Awesome story this week, as a simple wish posted on YouTube last month become a reality for a Toronto woman. The effort to help Carly Troup realize her dream began when she sang the Canadian national anthem at an Autism Speaks event at Nathan Phillips Square last month. A spokeswoman from the organization asked everyone in the square to share Carly's wish on social media using the hashtag #letcarlysing. Last night on April 17th, Carly sang the Canadian national anthem at the Toronto @BlueJays home game! The Jays were thrilled to be joined by @autismspeaksCAN during Autism awareness month. The story truly gives hope to parents living with autism. Said Carly's Dad Peter; "When your child is diagnosed, it's devastating," he said. "You think, 'What's the hope for them down the road?' We struggled with that for many, many years." But, he added, "these kids all have their own talents and you have to find that and really work on that. When she was younger, the smallest things would upset her and she would cry and scream but music just seemed to calm her down." Way to go Carly and congratulations from SUPA Society!! @Autism_SurfsUp
Killa B wanted to create opportunities where brands can give back a portion of their proceeds to the autism community and help non-profit programs like SUPA Society at events like ASD SK8 Day so they can continue to thrive. Skateboarders with autism, like Killa B, can be sponsored and become brand ambassadors, letting companies expand their reach into a massive untapped market in the Canadian skate industry, and beyond. Killa wants to create a buzz in communities looking to connect with and support the autism community, or other special needs, and wants to be an inspiring role model for their children. One in 68 children are born with autism, five times more likely in boys. Yet if you meet one child with autism like Killa B, he may seem different but he is not, “I AM simply ME” says Killa B. Let’s start talking about how brands, the skateboard world and SUPA Society can partner together.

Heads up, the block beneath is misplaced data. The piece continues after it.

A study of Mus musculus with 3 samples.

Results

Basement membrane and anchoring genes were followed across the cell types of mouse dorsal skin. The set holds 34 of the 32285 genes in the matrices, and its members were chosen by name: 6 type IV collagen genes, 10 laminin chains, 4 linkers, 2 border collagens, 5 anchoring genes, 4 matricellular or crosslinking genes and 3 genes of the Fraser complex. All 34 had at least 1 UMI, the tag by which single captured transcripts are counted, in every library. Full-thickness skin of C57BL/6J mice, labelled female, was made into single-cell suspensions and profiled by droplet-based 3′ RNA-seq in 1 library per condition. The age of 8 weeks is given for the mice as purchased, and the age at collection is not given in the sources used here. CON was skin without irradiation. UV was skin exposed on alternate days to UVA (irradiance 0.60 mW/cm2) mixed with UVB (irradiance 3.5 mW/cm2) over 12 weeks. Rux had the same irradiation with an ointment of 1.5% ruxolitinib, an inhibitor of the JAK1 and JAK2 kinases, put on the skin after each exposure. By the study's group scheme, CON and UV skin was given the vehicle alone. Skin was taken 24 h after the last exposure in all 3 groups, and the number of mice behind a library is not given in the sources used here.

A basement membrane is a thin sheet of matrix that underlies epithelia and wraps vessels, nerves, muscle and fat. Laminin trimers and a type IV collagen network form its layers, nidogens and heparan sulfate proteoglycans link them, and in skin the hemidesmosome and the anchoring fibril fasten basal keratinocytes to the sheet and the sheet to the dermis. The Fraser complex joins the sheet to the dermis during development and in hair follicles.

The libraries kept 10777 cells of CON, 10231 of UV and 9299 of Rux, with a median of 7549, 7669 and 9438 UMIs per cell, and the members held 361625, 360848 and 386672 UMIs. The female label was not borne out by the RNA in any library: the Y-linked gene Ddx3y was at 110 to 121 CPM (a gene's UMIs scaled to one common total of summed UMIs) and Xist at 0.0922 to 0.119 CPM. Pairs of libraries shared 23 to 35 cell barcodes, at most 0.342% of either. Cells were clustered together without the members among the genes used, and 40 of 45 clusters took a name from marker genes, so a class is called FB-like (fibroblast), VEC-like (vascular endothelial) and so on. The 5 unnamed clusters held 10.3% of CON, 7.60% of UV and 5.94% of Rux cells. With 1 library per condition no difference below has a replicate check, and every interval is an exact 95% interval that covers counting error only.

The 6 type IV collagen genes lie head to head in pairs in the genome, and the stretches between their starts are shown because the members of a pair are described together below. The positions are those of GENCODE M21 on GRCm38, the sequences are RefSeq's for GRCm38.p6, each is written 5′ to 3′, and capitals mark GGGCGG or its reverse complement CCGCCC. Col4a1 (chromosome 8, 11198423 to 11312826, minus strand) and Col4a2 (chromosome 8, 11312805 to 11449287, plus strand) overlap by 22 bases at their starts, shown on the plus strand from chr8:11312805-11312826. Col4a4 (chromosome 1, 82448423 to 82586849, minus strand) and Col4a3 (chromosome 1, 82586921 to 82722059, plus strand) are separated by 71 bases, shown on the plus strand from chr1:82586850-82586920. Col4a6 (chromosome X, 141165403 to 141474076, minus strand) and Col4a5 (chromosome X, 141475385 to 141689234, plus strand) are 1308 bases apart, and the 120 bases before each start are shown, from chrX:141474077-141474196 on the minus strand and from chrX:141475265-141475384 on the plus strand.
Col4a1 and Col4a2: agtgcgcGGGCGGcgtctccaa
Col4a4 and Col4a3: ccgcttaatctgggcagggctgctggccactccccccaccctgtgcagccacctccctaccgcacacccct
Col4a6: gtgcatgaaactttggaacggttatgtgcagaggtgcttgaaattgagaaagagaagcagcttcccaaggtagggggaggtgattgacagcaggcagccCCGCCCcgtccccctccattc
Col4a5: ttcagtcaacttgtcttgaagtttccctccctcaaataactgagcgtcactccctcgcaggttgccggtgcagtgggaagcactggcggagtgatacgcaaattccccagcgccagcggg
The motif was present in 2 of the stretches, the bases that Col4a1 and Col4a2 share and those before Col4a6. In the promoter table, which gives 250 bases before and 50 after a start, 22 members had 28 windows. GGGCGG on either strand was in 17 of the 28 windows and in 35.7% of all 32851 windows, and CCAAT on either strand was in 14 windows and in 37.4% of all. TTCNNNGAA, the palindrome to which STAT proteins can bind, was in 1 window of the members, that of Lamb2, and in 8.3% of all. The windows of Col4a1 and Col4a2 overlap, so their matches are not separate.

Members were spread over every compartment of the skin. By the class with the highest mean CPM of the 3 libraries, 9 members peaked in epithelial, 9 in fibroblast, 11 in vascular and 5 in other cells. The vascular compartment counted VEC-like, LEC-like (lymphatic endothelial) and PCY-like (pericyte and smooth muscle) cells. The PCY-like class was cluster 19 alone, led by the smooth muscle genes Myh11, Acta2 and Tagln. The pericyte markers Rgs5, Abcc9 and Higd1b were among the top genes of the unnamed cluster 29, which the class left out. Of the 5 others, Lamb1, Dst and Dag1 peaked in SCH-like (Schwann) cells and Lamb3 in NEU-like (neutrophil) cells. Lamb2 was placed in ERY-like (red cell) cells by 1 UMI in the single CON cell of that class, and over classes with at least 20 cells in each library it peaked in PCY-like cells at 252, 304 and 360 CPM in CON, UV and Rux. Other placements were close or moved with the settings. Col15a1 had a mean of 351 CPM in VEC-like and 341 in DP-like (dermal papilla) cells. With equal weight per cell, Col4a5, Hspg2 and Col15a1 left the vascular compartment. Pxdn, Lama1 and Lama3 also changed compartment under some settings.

Killa B was introduced to skateboarding when he saw the documentary on Danny Way jumping the Great Wall of China. Right there and then he knew he wanted to skate. His first board was a Danny Way complete board bought online. Something magical happened that day between a boy and his skateboard: they spoke to each other as if they were one in a world where autism did not exist. They danced on concrete as they became one, and suddenly a kid who never quite fit in blossomed. This is where Killa’s vision was born for the “I AM ME” campaign for autism. Putting real stories and real faces to brands and companies that want to be change-makers, creating social difference in our world and impacting the lives of youth who need it most. Killa B’s goal is to bring autism awareness, social acceptance, and inclusiveness to a global level.
What is a Killa B? Good question, and we’ll keep you informed and involved in a series of ongoing blog posts. Killa B is an amazing 12 year old simply known as “B”, or Killa B when on his skateboard, snowboard or surfboard. Killa B has become an advocate, and is always making positive moves to help bring more awareness and acceptance to Autism. Through events at SUPA Society like ASD Sk8 Day and Autism Surf’s Up Event, and at the Pacific Autism Family Centre in Richmond, BC, Killa B wanted to help raise some funds. So, Protest Movement and Supa Society have created the Killa B “I Am Me” Snapback Hat and $5 from every hat sold will be donated directly to the Pacific Autism Family Network. He teamed up with Hippie Mike (Protest-Movement) Legendary skater Kevin Harris, Andy Anderson and Graphic Designer Jay Mykyte to bring the Killa B "I Am Me" skateboard. Check back again soon for part 2 in the Killa B “I Am Me” series.
SUPA Society is pleased to announce we have formally been accepted and registered as a Canadian Charity! With this approval in-hand, our Business/Registration number: 829078781RR0001 changes things in a big way as we move forward. So what’s the big deal? Gaining status as a registered charity provides many benefits such as increased public recognition, the ability to qualify for certain grants only available to registered charities, the potential for a partial rebate of GST incurred on goods and services consumed by the and perhaps most importantly, the ability to issue charitable tax receipts to donors. The ability to issue charitable tax receipts to donors is particularly valuable where the organization solicits donations from individuals. A charitable tax receipt allows an individual to claim the charitable donation tax credit in their personal income tax return. This credit significantly reduces the after-tax cost to an individual of making a charitable donation. Corporate donors tend to be less concerned about receiving a charitable tax receipt as they can often claim the donation as a marketing expense. With this great news, we look to the future and your future donations.
Welcome to SUPA Society’s first blog post! As time progresses, we’ll be posting about everything from our events to Killa B, to media coverage, news items and more all in our efforts to provide families living with Autism unique event experiences in a dynamic, enriching and inclusive environment. Check out our upcoming annual fundraiser to be held April 28, 2018 at Elements Casino in Cloverdale BC. Amazing silent auction prizes such as resort packages from Crystal Cove Beach Resort and Cox Bay Beach Resort, entertainment packages, Tofino Soap Company, JW Parq Marriott, restaurant gift cards and and the list goes on.